A strong dollar and low inflation still have the market believing the Fed will hike rates this year, but by less than previously expected, and with a later start.
The April CNBC Fed Survey, released as the central bank begins a two-day meeting, shows 84 percent of respondents think 2015 will mark the Fed's first rate hike in nine years. But the 38 respondents don't see the Fed tightening policy until October, two months later than in the previous survey. The median month forecast as the first for a rate hike, a more stable measure, is September for both the current and previous surveys. (Tweet This)
Meanwhile, the funds rate is seen ending the year at just 0.54 percent, down from 0.63 percent in the March survey.
"While the Fed seemingly wants to move off of a near-zero monetary policy, they have painted themselves into a bit of a corner if they remain 'data dependent,' " Kevin Giddis of Raymond James/Morgan Keegan wrote in response to the survey. "The current data is working against them."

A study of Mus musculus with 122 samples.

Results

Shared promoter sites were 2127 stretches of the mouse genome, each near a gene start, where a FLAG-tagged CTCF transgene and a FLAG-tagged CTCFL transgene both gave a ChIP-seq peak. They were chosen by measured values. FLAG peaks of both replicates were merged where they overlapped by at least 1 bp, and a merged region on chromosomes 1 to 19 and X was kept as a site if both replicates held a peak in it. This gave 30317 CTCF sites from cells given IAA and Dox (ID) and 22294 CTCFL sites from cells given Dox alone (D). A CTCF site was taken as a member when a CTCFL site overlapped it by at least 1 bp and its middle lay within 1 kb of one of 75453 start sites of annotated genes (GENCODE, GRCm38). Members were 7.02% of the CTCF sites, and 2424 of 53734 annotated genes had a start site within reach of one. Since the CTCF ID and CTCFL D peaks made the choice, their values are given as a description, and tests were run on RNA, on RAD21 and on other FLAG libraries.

Survey respondents see a bigger effect from the stronger dollar than they did previously, with the greenback seen shaving a third of a point off U.S. growth this year, up from a 0.22 percent estimate in March. And respondents continue to forecast inflation at just 1 percent this year, a full point below the Fed's 2 percent target.
All of this plays into the outlook for Fed policy, with 41 percent of respondents now seeing an easier Fed policy than previously forecast because of the strong dollar, up from 32 percent in the prior survey. "Earlier this year I thought the first Fed rate hike would come by June," wrote Rob Morgan of Sethi Financial Group. "Now I think low oil prices and the strong dollar will keep inflation low enough to push the hike off to September."
The Fed and markets can't quite seem to get on the same page when it comes to the outlook for interest rates over the long term.